Gov. Chris Sununu (R-N.H.) is not running for president. In his state’s first-in-the-nation primary, “I can be more effective for the Republican Party in ways few other leaders can,” he wrote in the Washington Post. He plans to endorse a candidate and obviously hopes to defeat former President Donald Trump, who, he argues, is a sure loser in November.

But his advice for candidates may not be helpful beyond New Hampshire. In a cheap shot at Gov. Ron DeSantis (R-Fla.), currently Trump’s strongest opponent, Sununu says Republicans “must abandon the issues that are solely made for social media headlines, such as banning books or issuing curriculum fiats to local school districts” and “should re-embrace local control.”

That makes sense in Sununu’s state, where the largest school district, Manchester, has 12,400 students and 52,000 voters. But DeSantis’ Florida and many other states have countywide school districts.

Florida’s second-largest district, Broward County, has 260,000 students and 959,000 voters. Those voters couldn’t prevent the school board and administrators from refusing to remove the Parkland mass shooter or to get the police to enter the building and stop the killing. DeSantis had to take over and fire those responsible and is now backing school board candidates around the state.

Another difference: Some 54% of Sununu’s New Hampshire’s Republican primary electorate in 2016 were college graduates, wary of proposals that liberal media cast as intolerant. But the state isn’t typical in this regard. According to 2020 and 2022 exit polls, some 62% of Republican voters aren’t college graduates.

And as The New York Times’ ace election analyst Nate Cohn has argued persuasively, exit polls seem to overstate the percentage of college-educated voters.

The other reason to embrace issues Sununu dismisses as “solely made for social media headlines” is that, properly articulated, Republican positions are in line with the broad spectrum of public opinion while only handfuls embrace many Biden administration positions.

Should pornographic books be available in kindergarten through third grade classrooms or libraries? That’s what DeSantis’ bill, mislabeled as “Don’t Say Gay,” requires. How many voters disagree?

Should teenagers under 18 get government aid for irreversible surgeries such as breast removal without parental consent? That’s what the Biden administration is encouraging as “gender-affirming care.” How many voters back that?

And what about gas stoves? Last February, Senate Majority Leader Chuck Schumer (D-N.Y.) scoffed that “nobody is taking away your gas stove.” Then, in May, New York’s legislature and Gov. Kathy Hochul passed a bill banning gas stoves in new construction. The law is based on an environmentalist study that the Washington Post’s Megan McArdle labeled as “less-than-rock-solid evidence,” including, as National Review’s Noah Rothman writes, testing gas cooking in an “airtight” room sealed by “clear plastic sheets.”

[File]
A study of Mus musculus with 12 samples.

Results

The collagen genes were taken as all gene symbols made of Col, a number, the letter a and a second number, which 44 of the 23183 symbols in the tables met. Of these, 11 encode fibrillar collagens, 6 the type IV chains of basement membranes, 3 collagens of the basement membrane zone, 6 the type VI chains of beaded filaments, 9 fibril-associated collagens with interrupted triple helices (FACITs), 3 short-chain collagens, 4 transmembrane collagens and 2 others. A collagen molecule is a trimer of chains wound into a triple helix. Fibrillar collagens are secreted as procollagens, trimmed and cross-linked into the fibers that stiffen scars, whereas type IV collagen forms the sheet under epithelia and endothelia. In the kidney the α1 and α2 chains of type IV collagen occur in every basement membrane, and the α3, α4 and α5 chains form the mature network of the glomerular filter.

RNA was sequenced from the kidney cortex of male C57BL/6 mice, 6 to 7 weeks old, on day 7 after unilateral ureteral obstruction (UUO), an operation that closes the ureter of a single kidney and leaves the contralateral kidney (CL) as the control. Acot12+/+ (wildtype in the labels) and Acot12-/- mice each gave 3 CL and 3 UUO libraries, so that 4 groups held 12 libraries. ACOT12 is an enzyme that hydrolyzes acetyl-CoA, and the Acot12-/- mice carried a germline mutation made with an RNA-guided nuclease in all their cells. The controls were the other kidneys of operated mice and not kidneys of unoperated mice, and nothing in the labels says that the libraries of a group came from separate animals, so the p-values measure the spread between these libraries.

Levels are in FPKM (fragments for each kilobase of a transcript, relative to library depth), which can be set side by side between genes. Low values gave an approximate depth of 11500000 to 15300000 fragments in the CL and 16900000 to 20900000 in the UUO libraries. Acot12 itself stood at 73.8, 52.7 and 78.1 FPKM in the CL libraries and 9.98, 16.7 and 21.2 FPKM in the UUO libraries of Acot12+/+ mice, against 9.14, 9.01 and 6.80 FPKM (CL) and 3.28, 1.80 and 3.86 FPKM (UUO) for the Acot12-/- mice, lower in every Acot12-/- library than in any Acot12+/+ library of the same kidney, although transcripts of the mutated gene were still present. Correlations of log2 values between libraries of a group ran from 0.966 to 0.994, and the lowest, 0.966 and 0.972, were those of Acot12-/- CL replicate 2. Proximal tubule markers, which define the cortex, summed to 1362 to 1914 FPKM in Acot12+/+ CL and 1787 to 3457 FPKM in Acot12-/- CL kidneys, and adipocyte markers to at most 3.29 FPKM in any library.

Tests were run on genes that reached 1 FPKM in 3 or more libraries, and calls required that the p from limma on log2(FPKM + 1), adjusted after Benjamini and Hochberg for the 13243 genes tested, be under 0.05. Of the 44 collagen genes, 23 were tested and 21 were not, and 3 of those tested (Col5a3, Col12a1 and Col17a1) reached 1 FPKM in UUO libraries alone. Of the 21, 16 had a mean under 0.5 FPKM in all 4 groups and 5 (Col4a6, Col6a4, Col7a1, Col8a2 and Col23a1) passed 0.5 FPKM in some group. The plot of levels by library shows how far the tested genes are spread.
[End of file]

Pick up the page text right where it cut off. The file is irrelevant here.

As Rothman notes, liberal Democrats are going after affordable conveniences many rely on, including gas furnaces and hot water heaters, air conditioners, dishwashers and gas-powered lawn mowers. And don’t get them started on washer-dryer units that leave clothes soggy as European units do.

Then there are the Biden administration policies intended to force people into electric cars. Little attention is given to vast amounts of exotic minerals such as lithium produced in China or other faraway countries.

Green New Deal enthusiasts in and out of the Biden administration blithely assume that thousands of electric charging stations will spring up and charge your e-vehicle in minutes and that we’ll be able to produce the near-doubling of electricity production needed for a mostly electric car fleet. It won’t be easy with environmentalists bringing lawsuits to stop transmission lines from bringing electricity from high-wind areas to high-population areas.

Harder heads are dubious. In 2022, Warren Buffett, a Biden supporter, expressed doubts the United States was close to moving away from dependency on oil. “If we were to try and change over, in three years, or five years, nobody knows what would happen, but the odds that it would work well are extremely low, it seems to me.” He’s putting his money lately into oil and fossil fuels.

Similarly, Vaclav Smil, the premier historian and analyst of technology, writes in his 2022 book “How the World Really Works,” “Complete decarbonization of the global economy by 2050 is now conceivable only at the cost of unthinkable global economic retreat, or as a result of extraordinarily rapid transformations relying on near-miraculous technical advances.”

As Smil notes, the “four material pillars” of our civilization — cement, steel, plastics and ammonia (for fertilizers necessary to feed 8 billion people) — all require huge inputs of fossil fuels, and there are no substitutes for them on the horizon.

College graduate voters, in New Hampshire and elsewhere, may not like hearing that their green dreams are just dreams. But most people can be convinced they are nightmares to be avoided.

Michael Barone is a senior political analyst for the Washington Examiner, resident fellow at the American Enterprise Institute and longtime co-author of The Almanac of American Politics.